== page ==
Jul 11, 2017
Your place may be a rental, but it’s still your home, and you want it to be as stylish and comfortable as possible. Often that means mounting your TV on the wall, especially since many apartments are short on space. Wall mounting is convenient. And it can greatly improve your viewing experience.
But don’t get out the drill and screwdriver just yet. Since you’re just renting the space, you’ll want to get the go-ahead from your landlord before mounting a TV in your apartment.
First, Take a Look at Your Lease
It spells out what is OK and what is not when it comes to tenant apartment mods. It may not specifically mention TV mounts, but it undoubtedly notes that you will be responsible for patching any holes you have made in the drywall. Landlords may overlook small holes, but larger ones might cause concern when it’s time to move out. Good thing that the holes left behind by a properly-mounted TV will be small!
Then Talk to Your Landlord
Your landlord’s goal is to re-rent your apartment as quickly and painlessly as possible after you leave. You can improve your chances of a “yes” regarding your TV by reassuring him or her that mounting a TV is simple and easy. And you fully intend to patch any holes you make, including repairing holes created if you decide to take the TV mount with you when you move.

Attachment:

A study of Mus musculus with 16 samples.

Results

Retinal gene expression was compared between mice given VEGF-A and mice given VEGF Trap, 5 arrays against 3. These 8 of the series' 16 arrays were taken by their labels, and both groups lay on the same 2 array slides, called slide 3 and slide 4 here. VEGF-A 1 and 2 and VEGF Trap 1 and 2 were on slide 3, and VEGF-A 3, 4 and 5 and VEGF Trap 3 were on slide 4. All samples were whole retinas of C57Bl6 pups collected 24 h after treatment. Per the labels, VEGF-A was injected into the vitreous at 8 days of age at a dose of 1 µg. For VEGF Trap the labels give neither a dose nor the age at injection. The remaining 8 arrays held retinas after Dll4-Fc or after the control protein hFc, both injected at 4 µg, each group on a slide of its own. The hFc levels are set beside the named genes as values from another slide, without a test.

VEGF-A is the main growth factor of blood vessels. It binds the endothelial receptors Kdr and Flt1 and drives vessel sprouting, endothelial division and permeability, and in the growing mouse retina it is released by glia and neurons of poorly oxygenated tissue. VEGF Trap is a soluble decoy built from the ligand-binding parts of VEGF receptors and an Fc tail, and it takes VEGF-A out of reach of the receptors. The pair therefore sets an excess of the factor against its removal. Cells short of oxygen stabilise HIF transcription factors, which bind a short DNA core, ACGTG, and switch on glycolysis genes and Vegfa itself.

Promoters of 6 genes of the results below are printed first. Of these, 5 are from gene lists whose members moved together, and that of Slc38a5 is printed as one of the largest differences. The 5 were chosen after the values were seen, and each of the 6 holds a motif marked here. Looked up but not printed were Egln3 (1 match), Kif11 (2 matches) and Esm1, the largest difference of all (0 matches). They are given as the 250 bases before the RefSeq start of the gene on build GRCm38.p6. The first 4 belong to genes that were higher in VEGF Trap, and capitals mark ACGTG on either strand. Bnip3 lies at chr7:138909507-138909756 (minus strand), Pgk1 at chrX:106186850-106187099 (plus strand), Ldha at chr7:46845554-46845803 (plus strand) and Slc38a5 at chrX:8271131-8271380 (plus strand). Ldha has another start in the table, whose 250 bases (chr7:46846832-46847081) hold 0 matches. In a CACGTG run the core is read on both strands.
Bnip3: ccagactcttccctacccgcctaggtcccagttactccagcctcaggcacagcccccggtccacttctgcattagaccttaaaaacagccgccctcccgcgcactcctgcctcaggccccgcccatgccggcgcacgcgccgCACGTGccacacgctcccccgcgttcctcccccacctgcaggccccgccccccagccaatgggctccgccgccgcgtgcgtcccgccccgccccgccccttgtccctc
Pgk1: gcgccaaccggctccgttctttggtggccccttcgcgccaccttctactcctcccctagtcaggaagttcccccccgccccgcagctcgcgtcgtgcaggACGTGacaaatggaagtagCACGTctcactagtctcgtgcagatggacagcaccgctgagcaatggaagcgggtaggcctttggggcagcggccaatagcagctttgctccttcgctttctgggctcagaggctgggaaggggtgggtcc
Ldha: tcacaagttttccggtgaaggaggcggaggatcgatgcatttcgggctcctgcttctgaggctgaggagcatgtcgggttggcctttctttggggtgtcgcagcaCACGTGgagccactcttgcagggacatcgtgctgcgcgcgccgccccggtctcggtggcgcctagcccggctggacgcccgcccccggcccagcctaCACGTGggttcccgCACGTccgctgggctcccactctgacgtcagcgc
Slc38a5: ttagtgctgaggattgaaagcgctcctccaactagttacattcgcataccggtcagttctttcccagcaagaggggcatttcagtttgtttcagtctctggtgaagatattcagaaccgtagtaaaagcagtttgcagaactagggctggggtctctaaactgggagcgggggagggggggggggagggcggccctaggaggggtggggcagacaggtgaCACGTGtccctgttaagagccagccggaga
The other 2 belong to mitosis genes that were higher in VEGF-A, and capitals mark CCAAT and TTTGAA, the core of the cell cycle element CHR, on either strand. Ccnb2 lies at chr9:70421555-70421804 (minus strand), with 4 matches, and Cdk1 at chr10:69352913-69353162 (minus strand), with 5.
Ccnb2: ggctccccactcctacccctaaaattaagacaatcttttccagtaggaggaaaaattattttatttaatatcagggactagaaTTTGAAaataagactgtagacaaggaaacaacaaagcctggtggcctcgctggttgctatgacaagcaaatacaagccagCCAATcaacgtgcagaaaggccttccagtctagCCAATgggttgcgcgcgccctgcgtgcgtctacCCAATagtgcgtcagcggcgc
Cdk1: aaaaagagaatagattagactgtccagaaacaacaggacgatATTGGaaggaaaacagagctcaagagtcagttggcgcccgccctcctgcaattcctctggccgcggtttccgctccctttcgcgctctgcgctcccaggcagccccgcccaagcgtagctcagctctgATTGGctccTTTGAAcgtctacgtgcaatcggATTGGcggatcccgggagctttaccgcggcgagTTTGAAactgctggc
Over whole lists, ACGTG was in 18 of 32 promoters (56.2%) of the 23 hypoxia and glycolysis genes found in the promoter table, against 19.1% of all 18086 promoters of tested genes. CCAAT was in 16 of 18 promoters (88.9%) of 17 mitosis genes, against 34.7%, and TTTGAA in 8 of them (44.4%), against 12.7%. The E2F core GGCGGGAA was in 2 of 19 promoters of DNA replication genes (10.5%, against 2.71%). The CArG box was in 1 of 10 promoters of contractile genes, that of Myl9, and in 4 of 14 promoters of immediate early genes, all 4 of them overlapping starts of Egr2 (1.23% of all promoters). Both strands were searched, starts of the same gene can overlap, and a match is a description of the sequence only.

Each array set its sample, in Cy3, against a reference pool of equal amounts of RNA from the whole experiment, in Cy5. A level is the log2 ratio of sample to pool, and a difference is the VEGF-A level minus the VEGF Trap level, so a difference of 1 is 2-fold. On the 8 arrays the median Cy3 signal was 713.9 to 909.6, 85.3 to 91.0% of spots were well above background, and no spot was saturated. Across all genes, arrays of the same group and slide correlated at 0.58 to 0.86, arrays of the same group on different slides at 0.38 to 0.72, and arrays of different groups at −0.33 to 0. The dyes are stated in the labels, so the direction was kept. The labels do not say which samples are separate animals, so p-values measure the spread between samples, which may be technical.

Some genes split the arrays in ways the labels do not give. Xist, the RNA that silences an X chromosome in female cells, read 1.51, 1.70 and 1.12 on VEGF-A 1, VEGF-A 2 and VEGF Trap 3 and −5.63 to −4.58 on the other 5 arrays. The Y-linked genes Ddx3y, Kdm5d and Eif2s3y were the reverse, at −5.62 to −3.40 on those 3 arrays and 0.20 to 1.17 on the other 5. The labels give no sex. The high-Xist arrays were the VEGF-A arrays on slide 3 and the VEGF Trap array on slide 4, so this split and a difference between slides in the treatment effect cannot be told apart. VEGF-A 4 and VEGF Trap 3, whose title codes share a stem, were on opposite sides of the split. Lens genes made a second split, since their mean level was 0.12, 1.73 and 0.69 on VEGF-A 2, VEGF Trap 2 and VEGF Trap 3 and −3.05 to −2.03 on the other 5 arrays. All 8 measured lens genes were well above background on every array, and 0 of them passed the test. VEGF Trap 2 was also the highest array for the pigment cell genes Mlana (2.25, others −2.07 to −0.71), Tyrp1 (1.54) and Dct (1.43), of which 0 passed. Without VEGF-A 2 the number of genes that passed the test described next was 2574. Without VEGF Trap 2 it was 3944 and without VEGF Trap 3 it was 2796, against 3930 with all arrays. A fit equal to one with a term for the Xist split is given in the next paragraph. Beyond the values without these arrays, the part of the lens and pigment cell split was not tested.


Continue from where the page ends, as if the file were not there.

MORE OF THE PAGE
But leaving the mount behind may be the better move for you and your landlord. Here’s why. You won’t have to lift a finger to remove it, and it may not even be right for your next abode. Besides, you can point out that the TV mount might be an extra incentive for new renters. This fact might help convince your landlord that the TV mount is a good idea in the first place.
Wondering how to mount a TV in an apartment when your landlord isn't onboard? You may have other options. What about creating a false wall? You can do this as a weekend DIY project (or even hire a local handyman or handywoman on a site like Thumbtack to do it). You could then mount your TV and components on it, and run all the cables behind the false wall. Remember, you should still run this by your landlord before kicking it off.
If mounting the TV in your apartment just won’t work, consider a SANUS swivel base. Even though you're setting your TV on a shelf or a piece of furniture, you’ll still have the benefits of a mounted TV, like glare reduction and visibility from almost any viewing angle. Whether mounting a TV is an option or not based on your lease, you have options when it comes to getting the best TV setup in your apartment.